Confronting Problems Head On

By Drue Lawlor, FASID
Director of Coaching at GDCC

Solving problems lies at the very heart of doing design. Clients come to us with a set of problems. For whatever reason, their homes or businesses are not working for them, and they want us to make them better. We provide them with design solutions to address their problems.

Running a design business also involves solving problems. Many of them are relatively small problems that we routinely handle, for example, scheduling delays or difficulties with a product on order. Sometimes, though, bigger problems arise, such as an upset client or poor performing employee. But big or small, the best way to deal with a problem is to face it head-on and resolve it as quickly as possible.

Because they can be complicated and stressful, it’s tempting to put off dealing with big problems until a “more convenient” time—tempting, but not wise. Big problems only get bigger when not nipped in the bud. The sooner you resolve them, the sooner you can get back to more productive and rewarding activities.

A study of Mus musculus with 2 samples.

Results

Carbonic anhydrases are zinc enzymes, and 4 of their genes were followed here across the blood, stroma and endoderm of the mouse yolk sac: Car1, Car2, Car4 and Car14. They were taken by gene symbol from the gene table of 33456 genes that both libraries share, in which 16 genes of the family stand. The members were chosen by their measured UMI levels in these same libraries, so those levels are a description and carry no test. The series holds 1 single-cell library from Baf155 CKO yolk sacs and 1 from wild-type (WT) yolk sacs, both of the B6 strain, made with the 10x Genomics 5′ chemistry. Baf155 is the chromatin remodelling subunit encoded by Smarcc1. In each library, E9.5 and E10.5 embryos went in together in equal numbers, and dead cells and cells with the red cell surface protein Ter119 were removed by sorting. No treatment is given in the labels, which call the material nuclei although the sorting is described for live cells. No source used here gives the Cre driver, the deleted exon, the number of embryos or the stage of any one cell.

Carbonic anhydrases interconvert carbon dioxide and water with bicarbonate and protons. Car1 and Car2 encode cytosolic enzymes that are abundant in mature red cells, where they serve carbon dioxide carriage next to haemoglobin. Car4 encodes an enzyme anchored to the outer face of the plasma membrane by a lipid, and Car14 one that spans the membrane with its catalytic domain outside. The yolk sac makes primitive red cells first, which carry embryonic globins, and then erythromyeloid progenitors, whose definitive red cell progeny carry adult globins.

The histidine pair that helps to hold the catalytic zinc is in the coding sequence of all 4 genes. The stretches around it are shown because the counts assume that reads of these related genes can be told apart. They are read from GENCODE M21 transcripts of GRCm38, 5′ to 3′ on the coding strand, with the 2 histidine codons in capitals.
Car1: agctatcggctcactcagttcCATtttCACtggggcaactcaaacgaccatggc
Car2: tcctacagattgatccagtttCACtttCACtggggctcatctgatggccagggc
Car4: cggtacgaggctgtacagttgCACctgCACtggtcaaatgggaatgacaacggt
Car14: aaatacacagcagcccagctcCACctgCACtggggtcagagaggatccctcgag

Rather than dwelling on how unpleasant confronting the problem may be, treat it just as you would a design problem. Analyze the situation, determine the root of the problem, consider possible solutions, and develop a plan and process for achieving a successful resolution.

Once you’ve done that, set up a time to meet with the other party. Think through the conversation you will have with them, respecting their concerns and point of view. Propose your solution but be open to other possibilities. Keep in mind it’s to their benefit to find a solution as well.

You know the satisfaction you get from creating a great design solution. You can get the same kind of satisfaction from resolving business problems, as well. Handling a big problem successfully reinforces your sense of confidence, competence, and empowerment. Plus, you’ve eliminated one more source of conflict, stress and distraction. Depending on the situation, it can be a useful learning opportunity, too, and make you a better leader and manager.

I’ve always found that no matter how big or unpleasant the problem, given the choice, doing is better than stewing.

Problems are Decisions Waiting to Happen is another article that encourages designers to deal with issues and not procrastinate.